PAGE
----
Permian shale producers hedging their bets against pipeline projects

By Nicholas Sakelaris
Permian shale producers hedging their bets against pipeline projects
Shale drillers in West Texas are entering into two-year futures contracts because they don't believe new pipeline infrastructure will be finished by 2020. Photo by Gary C. Caskey/UPI | License Photo

Sept. 14 (UPI) -- New pipeline infrastructure can't get built fast enough in the Permian Basin, where oil is selling at a $15 discount and producers are locking in prices for the next two years.

New multi-billion pipeline projects are under construction or planned over the next few years to get the crude oil and natural gas to refineries on the Gulf Coast. But a new report by Wood Mackenzie shows producers don't have faith that the pipelines will be done on time.


The number of Permian producers hedging their bets for 2020 increased by more than five times in the second quarter. Companies doing the most hedging include Concho Resources, Energen Corp. and Noble Energy.

"The only reasonable conclusion one can draw from this surge is that Permian producers are concerned that key pipeline projects won't be completed on schedule," said Andrew McConn, a corporate research analyst at Wood Mackenzie.


WTI, the U.S. benchmark for crude oil, was trading at $69 Friday morning. But oil produced in the Permian Basin in West Texas could be selling as low as $54 a barrel.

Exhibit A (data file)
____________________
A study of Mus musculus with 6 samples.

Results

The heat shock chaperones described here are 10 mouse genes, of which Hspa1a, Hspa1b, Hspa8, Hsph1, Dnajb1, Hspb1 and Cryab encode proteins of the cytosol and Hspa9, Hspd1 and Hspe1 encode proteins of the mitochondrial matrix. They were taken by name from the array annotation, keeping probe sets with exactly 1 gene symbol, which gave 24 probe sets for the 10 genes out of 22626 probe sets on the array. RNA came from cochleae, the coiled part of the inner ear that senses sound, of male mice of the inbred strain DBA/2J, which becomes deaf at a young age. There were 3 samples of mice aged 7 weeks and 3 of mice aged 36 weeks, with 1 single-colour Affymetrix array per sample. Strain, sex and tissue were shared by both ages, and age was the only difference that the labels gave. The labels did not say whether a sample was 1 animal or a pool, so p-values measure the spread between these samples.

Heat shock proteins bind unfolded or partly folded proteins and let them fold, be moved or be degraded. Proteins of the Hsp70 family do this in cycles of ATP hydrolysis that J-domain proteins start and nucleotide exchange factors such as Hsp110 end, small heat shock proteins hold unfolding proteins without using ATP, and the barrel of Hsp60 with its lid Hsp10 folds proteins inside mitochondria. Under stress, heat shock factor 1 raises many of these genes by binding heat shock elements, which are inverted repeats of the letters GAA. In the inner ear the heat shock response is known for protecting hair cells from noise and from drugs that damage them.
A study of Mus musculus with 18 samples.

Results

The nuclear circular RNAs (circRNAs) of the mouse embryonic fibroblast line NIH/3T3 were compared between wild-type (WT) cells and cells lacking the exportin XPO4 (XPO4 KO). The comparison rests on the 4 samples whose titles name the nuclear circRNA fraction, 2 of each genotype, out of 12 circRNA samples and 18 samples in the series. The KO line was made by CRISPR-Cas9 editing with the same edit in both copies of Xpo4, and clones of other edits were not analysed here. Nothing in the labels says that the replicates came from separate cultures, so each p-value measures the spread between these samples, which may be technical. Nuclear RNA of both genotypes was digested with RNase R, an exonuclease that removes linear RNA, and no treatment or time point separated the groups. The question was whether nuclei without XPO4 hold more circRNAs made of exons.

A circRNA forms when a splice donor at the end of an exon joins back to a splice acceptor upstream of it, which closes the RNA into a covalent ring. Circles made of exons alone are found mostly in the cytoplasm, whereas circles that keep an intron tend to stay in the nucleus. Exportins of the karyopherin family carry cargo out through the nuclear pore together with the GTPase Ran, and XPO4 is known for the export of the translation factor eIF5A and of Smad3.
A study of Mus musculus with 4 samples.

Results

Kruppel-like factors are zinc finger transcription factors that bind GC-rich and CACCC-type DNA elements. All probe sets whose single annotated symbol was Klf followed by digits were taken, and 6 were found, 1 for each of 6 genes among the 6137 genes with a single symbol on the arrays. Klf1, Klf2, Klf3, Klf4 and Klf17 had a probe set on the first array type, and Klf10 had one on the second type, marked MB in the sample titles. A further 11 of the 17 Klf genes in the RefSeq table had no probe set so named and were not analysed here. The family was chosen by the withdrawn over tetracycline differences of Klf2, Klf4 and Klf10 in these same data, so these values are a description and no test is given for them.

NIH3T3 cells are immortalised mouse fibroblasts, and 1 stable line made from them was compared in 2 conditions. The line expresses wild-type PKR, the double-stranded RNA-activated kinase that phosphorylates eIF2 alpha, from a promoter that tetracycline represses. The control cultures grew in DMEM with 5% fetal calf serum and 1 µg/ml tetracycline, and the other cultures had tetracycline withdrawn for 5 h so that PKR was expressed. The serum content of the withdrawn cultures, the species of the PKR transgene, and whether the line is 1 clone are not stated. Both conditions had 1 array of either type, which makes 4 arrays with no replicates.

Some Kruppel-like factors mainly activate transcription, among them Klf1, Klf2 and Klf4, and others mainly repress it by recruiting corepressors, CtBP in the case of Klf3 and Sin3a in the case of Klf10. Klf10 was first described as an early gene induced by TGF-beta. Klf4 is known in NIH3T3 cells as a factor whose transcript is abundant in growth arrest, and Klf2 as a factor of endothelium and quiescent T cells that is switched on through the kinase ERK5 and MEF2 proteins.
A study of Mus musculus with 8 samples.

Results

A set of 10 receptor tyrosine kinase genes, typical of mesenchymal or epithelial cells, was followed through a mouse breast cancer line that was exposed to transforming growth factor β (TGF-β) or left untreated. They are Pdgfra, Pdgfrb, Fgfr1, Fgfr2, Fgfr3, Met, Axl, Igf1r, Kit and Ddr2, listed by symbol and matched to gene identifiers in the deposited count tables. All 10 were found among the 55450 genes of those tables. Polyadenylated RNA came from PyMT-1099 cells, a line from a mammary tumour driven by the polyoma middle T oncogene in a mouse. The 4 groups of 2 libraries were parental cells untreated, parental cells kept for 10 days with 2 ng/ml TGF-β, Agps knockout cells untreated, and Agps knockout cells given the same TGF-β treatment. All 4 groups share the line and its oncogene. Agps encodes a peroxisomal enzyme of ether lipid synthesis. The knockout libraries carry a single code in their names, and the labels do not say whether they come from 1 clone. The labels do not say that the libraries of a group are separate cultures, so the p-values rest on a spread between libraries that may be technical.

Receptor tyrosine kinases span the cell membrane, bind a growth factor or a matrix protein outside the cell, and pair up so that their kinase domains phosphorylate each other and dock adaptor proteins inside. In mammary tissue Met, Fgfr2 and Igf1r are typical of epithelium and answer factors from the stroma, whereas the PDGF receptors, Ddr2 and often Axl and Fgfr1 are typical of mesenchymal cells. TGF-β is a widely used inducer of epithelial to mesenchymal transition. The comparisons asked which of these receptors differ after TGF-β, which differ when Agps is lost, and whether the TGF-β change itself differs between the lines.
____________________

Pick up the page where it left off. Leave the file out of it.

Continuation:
UK union suspends Total strike


"Unite will now postpone Monday's (September 17) scheduled industrial action to allow our members to take part in a consultative ballot," according to a statement from the company.

More strikes are scheduled for Oct. 1, 15 and 29.


Driller returns oil field back to Mexico

Mexico had another setback in its attempt to open oil and gas production to private industry. A small Mexican-based driller called Consorcio Petrolero 5M del Golfo returned a portion of the onshore area it had won in a 2015 auction. The company cited low production.

This is the latest private company to return all or part of the drilling rights that Mexico had auctioned off as the state-run Petroleos Mexicanos opened itself up to foreign investing.

Kickback scheme linked to Venezuelan's PDVSA

Two former Venezuelan officials were among the 28 people charged with corruption in an alleged kickback scheme linked to Venezuela's state run oil company, PDVSA.


The group is accused of receiving up to $2.3 billion in kickbacks in exchange for lucrative PDVSA contracts.